WPP’s Mindshare has just created the new role of New York Office Lead and appointed agency veteran David Pullan to fill it. Pullan, who reports to Mindshare North America CEO Colin Kinsella, will also take on duties as North America Client Lead for Unilever.
The move is the latest step by Kinsella -- who joined the agency this summer from Digitas where he was formerly NA CEO -- to fashion a broad top-level management makeover at the agency that he believes will better align it to serve clients in what he calls the “always-on, always ready” consumer marketing era.
“We need to expand the view of what a media agency is,” said Kinsella. The overarching approach is focused on so-called “adaptive marketing” in which social, content and data will play huge roles. But Kinsella’s agency rethink goes even further—he's developing new hiring techniques that test not only for intelligence but personality attributes that he sums up as “grit.”
In his four-plus months at the agency Kinsella has already largely made over the C-level suite and taken steps to bulk up key offices outside of New York.
He named Bob Ivins, the former Comcast executive, as the agency’s first chief data officer. Among other things, Ivins is busy defining for each client the five key data streams (out of potentially thousands of such streams) that will make a major difference in their marketing approach.
Jordan Bitterman -- like Kinsella, a former senior Digitas executive -- has taken on the role of chief strategy officer and Mindshare veteran David Lang has been promoted to chief content officer. The shop has also promoted Renee Milliaressis to Chief Operating Officer. Most recently she oversaw the agency's Unilever account in North America.
Outside of New York, Kinsella has made it a priority to strengthen other offices and disciplines. David Adelman, a senior New York-based client account executive, has been promoted to head of the Chicago office. He succeeds Mary Carpenter, who is taking on a new North America role in which she is tasked with building out the agency’s Performance Marketing Group. Carpenter will remain based in Chicago.
Mindshare’s Los Angeles office is also being strengthened. The agency won the estimated $400 million consolidated Lionsgate media assignment earlier this year. Lee Doyle, the former MEC North American CEO who joined Mindshare in 2012 as president, client development, was a key player in the Lionsgate pitch and has relocated from New York to Los Angeles to oversee the agency’s office there.
There is more to come. The agency will be making announcements soon regarding a new North American communications planning post as well as a new approach to investment and buying.
On the talent front Kinsella said, “there are two things you can’t teach -- passion and intellect.” Clients, he added, “are in a battle every day and they need an agency that keeps coming to them over and over with ideas that can help them in every market against every brand.” To fulfill that mission, he said, “we need people with a certain stamina, stick-to-it-iveness and perseverance,” who deliver at a level of excellence. “We call that grit. And we’re in the process of putting together a program to hire for grit.”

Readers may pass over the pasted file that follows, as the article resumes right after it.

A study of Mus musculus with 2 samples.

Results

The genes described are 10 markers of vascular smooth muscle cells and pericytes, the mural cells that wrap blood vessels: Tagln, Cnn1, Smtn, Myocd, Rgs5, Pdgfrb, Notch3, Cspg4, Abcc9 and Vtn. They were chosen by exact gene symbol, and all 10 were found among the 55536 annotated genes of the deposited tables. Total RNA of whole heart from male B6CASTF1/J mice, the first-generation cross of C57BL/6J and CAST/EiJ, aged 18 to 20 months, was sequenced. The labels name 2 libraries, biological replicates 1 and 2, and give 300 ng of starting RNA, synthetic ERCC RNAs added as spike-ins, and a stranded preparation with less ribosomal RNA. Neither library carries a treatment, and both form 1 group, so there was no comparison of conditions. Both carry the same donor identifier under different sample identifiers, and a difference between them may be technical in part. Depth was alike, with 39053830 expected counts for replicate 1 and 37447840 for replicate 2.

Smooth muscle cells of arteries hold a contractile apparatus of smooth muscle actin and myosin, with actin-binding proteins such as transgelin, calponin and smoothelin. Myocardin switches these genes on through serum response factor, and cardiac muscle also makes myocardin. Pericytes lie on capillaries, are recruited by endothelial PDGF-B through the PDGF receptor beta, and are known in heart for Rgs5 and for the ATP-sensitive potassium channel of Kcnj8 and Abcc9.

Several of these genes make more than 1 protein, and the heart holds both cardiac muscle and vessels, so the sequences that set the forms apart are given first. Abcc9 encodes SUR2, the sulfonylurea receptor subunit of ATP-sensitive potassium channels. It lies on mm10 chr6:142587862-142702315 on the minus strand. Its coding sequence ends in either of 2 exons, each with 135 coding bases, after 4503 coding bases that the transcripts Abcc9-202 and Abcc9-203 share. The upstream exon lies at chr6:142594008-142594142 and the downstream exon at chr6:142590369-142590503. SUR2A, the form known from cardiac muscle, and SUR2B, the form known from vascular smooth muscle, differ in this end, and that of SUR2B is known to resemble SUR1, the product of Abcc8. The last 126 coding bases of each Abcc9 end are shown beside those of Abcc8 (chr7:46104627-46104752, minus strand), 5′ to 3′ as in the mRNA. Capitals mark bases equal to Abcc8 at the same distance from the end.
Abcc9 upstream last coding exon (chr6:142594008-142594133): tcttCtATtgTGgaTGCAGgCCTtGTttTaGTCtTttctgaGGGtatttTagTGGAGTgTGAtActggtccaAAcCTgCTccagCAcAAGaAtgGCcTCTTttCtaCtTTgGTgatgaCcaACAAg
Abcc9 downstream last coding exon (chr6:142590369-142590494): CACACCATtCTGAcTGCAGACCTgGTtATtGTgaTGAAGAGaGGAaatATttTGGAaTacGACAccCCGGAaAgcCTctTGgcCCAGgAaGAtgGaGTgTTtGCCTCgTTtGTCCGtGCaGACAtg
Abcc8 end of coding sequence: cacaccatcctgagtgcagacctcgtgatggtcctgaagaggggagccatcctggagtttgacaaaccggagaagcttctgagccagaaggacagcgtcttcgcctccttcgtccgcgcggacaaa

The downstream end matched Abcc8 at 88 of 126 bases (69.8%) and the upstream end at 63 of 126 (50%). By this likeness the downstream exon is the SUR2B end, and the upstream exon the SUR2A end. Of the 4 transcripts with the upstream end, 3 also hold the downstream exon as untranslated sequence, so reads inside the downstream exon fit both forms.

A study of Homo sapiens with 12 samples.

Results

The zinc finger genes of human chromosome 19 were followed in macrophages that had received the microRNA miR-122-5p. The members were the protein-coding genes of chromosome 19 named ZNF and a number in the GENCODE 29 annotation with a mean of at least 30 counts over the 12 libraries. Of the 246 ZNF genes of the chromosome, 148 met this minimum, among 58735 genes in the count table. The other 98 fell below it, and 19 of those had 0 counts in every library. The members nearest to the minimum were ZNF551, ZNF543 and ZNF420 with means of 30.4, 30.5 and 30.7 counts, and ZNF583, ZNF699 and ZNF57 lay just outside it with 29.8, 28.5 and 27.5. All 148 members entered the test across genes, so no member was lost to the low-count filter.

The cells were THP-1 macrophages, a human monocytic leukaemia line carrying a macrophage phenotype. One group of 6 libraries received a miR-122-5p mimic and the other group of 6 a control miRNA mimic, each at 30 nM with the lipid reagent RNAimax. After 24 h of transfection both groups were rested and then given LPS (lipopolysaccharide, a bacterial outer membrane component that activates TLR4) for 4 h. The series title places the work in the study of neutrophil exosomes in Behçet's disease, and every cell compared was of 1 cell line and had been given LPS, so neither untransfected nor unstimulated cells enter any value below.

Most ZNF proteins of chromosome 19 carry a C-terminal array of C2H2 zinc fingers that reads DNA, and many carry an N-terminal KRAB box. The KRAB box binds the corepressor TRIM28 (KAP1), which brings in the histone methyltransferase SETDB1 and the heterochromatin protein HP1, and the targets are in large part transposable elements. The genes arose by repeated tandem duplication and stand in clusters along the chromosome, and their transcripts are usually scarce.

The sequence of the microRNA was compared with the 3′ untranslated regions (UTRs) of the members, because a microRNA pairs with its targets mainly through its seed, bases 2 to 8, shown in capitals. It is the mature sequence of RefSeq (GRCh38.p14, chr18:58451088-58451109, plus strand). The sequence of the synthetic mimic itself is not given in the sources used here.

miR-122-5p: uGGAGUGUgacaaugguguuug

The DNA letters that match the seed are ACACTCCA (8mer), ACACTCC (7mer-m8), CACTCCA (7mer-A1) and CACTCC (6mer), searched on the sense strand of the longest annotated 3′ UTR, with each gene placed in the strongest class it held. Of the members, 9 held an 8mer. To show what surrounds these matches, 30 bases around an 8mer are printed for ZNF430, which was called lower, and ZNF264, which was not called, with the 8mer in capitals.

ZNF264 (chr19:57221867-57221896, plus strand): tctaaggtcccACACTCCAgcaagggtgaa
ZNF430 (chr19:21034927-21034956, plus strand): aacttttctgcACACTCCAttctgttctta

Before any prospective hire is interviewed for a specific job, they will be tested for certain skills and “grit” traits. “It’s a media agency and people need to understand math” and related skills, Kinsella said. The shop is creating a test that the top 30 most successful people at the agency will take, and those results will be used as a benchmark to score potential hires.
Once the agency has determined that a candidate has the rudimentary intellect and character traits to succeed, said Kinsella, “we can teach them anything.” That approach, he said, “is our notion of how to align ourselves as a culture to help our clients day in and day out.”
The agency also needs to be speedier in almost everything it does, Kinsella said. Winning, he said -- paraphrasing former GE CEO and business guru Jack Welch -- is closely tied to “how much faster than the competition can an enterprise generate consumer insights and how faster can they put those insights into action.”
That’s why the agency is creating so-called “adaptive rooms” designed to monitor social conversations that the agency and clients can quickly decide whether or not to participate in. “Brands need to be connected to the social zeitgeist,” said Kinsella. The shop is working with outside content developers like Wochit, billed as a “video newsroom,” that can turn around a piece of content based on specs from the agency in minutes.
And sibling data management and demand side platform Xaxis will be a key partner going forward, said Kinsella. “They have proprietary audiences that other networks just don’t have,” he said. “They will expand to be the targeting engine for us across the agency and across a whole set of channels including addressable TV, mobile, digital and social.”
Looking ahead to next year, Kinsella says that one big “game changer” will be programmatic and “the power of targeting and buying off that targeting.”
And while marketers have been focused on developing owned and earned media assets, Kinsella believes that paid media will also be the subject of great debate next year. Paid media is still the core marketing asset for most major advertisers. The issue going forward, he said, is “knowing how much powder to keep dry. Agencies and clients that leverage that in the smartest ways will have the greatest advantage.”